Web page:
Muslims in Bengal raise funds for temple demolished for road; a maulvi inaugurates it
Members of the Muslim community in Basapura even raised money to rebuild the Kali temple that was demolished two years ago for widening a village road. They also purchased the land for relocating the temple.Updated: Oct 29, 2019 07:43 IST
Nasiruddin Mandal had a special job on Sunday night.
The maulvi of the local mosque in West Bengal’s Birbhum district inaugurated a temple dedicated to goddess Kali, on a night when the state was observing Kali Puja.
The show of communal amity took place in Basapara of Nanoor area, about 160 km away from state capital Kolkata, that often grabs headlines for political fights.
“I have inaugurated mosques and madrasas. But this is the first time I have inaugurated a Hindu temple. It’s a different feeling altogether,” Mandal said.
Members of the Muslim community in Basapura even raised money to rebuild the Kali temple that was demolished two years ago for widening a village road. They also purchased the land for relocating the temple.
According to the 2011 census, Muslims constitute about 35% of the population of Nanoor block.
“The temple was demolished for widening a road that was an urgent need of the locals. The temple was about 30 years old and devotees regularly came here,” a local, Nikhil Bhattacharya, said.
After the temple was demolished, locals took up the plan to rebuild it at a new location. Muslims joined the drive to raise funds and, in fact, ended up collecting Rs 7 lakh of the total Rs 10 lakh that was spent to rebuild the temple at a new site.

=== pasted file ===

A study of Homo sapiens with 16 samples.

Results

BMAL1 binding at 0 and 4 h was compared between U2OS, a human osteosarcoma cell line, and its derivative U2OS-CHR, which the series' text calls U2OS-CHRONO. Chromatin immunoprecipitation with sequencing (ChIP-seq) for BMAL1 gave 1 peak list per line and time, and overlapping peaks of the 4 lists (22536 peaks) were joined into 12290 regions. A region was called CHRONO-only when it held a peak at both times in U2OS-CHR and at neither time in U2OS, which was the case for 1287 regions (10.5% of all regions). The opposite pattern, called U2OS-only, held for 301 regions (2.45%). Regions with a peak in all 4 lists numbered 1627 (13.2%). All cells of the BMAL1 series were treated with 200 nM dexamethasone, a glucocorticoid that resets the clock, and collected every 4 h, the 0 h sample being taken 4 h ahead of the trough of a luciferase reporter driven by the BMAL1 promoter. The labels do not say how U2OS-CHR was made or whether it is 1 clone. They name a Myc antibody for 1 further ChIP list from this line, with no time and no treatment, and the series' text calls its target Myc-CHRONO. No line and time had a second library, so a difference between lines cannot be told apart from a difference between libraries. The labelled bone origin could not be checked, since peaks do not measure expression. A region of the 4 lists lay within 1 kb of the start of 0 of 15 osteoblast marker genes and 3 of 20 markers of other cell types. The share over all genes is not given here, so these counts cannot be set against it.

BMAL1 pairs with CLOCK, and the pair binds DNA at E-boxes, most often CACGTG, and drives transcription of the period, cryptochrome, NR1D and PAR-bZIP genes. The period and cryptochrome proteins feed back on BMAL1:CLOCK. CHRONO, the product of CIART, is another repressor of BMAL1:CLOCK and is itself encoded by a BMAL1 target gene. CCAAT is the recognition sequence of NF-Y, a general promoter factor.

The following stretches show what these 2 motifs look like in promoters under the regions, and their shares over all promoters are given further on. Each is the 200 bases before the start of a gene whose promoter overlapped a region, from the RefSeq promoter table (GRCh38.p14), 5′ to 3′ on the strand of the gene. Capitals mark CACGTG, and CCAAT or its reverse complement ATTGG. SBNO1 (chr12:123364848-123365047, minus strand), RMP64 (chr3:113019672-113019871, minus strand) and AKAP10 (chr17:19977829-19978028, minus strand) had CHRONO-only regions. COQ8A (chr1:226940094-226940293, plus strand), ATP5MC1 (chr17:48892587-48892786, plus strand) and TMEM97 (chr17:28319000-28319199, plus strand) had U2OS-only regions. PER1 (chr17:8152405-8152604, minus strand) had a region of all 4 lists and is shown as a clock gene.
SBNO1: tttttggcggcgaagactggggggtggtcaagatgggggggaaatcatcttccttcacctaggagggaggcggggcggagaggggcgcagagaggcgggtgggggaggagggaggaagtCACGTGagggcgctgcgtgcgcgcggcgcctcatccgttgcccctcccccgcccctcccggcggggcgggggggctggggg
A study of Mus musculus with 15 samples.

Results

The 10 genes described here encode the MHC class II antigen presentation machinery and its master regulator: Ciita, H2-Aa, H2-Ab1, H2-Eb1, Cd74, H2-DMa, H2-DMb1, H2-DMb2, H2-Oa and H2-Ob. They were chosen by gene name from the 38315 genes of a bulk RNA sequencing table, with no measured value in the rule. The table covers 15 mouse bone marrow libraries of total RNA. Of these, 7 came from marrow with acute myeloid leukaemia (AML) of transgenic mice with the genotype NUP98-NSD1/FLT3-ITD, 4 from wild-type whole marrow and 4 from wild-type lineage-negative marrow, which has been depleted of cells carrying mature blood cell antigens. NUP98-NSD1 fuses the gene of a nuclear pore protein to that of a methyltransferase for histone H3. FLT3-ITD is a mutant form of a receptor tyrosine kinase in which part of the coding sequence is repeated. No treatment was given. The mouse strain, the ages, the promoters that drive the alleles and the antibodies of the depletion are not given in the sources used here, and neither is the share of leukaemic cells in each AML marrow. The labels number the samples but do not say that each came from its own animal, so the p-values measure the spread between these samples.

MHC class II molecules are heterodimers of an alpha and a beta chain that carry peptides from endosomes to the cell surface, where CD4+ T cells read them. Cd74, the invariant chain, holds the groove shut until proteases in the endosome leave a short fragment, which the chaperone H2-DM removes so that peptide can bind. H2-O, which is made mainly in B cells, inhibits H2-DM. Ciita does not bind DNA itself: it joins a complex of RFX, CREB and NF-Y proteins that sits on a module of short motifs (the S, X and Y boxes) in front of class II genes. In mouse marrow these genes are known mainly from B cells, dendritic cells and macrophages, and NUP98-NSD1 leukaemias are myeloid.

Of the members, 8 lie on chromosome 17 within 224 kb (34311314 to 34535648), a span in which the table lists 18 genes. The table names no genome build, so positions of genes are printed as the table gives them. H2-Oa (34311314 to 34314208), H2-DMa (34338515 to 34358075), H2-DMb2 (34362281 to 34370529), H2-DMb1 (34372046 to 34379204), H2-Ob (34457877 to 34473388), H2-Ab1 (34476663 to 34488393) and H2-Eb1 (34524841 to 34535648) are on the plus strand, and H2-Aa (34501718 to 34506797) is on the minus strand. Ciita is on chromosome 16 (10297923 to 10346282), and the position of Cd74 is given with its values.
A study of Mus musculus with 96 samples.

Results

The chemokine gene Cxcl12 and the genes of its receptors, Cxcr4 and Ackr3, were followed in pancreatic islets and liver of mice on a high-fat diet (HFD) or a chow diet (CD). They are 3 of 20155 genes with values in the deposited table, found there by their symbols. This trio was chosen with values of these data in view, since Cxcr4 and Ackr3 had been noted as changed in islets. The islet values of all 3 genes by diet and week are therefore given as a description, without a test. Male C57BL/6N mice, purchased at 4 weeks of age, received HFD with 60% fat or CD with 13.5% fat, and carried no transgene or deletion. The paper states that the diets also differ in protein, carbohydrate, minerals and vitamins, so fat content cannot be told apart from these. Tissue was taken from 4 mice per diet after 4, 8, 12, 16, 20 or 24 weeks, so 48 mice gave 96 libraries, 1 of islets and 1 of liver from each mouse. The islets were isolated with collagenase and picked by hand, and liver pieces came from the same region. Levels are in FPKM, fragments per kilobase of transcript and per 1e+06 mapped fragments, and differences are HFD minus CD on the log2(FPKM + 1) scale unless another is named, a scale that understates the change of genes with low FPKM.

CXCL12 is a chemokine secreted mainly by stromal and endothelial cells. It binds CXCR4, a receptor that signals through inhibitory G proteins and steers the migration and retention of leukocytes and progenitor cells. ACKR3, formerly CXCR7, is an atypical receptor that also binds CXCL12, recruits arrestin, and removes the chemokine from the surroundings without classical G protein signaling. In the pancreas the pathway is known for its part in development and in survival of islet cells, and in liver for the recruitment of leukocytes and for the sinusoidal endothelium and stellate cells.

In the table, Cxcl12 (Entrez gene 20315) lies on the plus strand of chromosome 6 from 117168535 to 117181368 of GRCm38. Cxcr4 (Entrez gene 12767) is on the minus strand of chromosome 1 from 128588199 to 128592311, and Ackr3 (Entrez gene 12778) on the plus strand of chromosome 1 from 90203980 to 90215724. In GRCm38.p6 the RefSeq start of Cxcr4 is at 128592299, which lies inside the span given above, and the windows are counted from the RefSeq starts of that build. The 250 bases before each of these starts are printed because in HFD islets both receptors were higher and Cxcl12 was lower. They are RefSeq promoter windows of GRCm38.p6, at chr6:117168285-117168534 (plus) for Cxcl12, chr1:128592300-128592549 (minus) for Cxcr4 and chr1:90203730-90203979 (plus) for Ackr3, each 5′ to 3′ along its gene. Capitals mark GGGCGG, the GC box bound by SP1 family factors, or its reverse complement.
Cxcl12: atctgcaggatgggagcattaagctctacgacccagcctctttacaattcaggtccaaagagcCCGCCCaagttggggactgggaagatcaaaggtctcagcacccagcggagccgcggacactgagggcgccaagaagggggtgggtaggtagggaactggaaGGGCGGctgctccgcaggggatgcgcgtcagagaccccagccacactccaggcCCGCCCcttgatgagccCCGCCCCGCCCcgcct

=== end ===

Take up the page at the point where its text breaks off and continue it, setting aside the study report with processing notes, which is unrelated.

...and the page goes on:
“We discussed the issue of rebuilding the temple with locals most of whom are from the Muslim community. They collected funds. Of the Rs 10 lakh spent for the temple, Rs 7 lakhs was raised by Muslims,” Sunil Saha, president of the temple’s puja committee, said.
Both Bhattacharya and Saha said Muslims also helped in organising Durga Puja in 2018 and 2019 that became uncertain since the puja was held in the temple. They organised funds and gave logistics support to organise the puja in the absence of the temple.
“If local Muslims did not help us, organising the puja and rebuilding the temple would not have been possible. So we invited Nasiruddin Mandal to inaugurate the temple on Sunday evening,” said Saha.
Kerim Khan, the official in charge of road affairs in Birbhum Zilla Parishad, who hails from the area, said, “We are not ready to regard it as an issue involving two communities. We all live together peacefully. We stand beside each other and this is our culture. We have played a small role in the rebuilding of the temple.”
A local leader of the Bharatiya Janata Party (BJP) praised the efforts.
“It’s indeed nice that people from both communities came together in the construction of the temple. We do believe in living together and not to be divided by religion,” Dilip Ghosh, the BJP’s vice-president of Birbhum district unit, said.
Over the past few years, there have been quite a few incidents in West Bengal where one community came forward to help the other.
In December 2018, Mohammad Faruq, a 58-year-old resident of Dubrajpur area in Birbhum district, donated land for setting up a crematorium for Hindus. The land that he gave had a market value of about Rs 10 lakh.
In 2017, a Muharram committee of Kharagpur town in West Midnapore district decided not to organise Tajia, and instead, gave the money to a Hindu cancer patient for his treatment.
In the same year, when no drum beater turned up to perform at a Tajia in Muharram in Suvur village of Bhatar area of East Burdwan district, the dhakis at the Durga Puja in the village replaced them.
In another incident in November 2017, a group of Muslims came forward to fund the wedding of a Hindu woman in Khanpur village of Malda district, when her family could not afford it.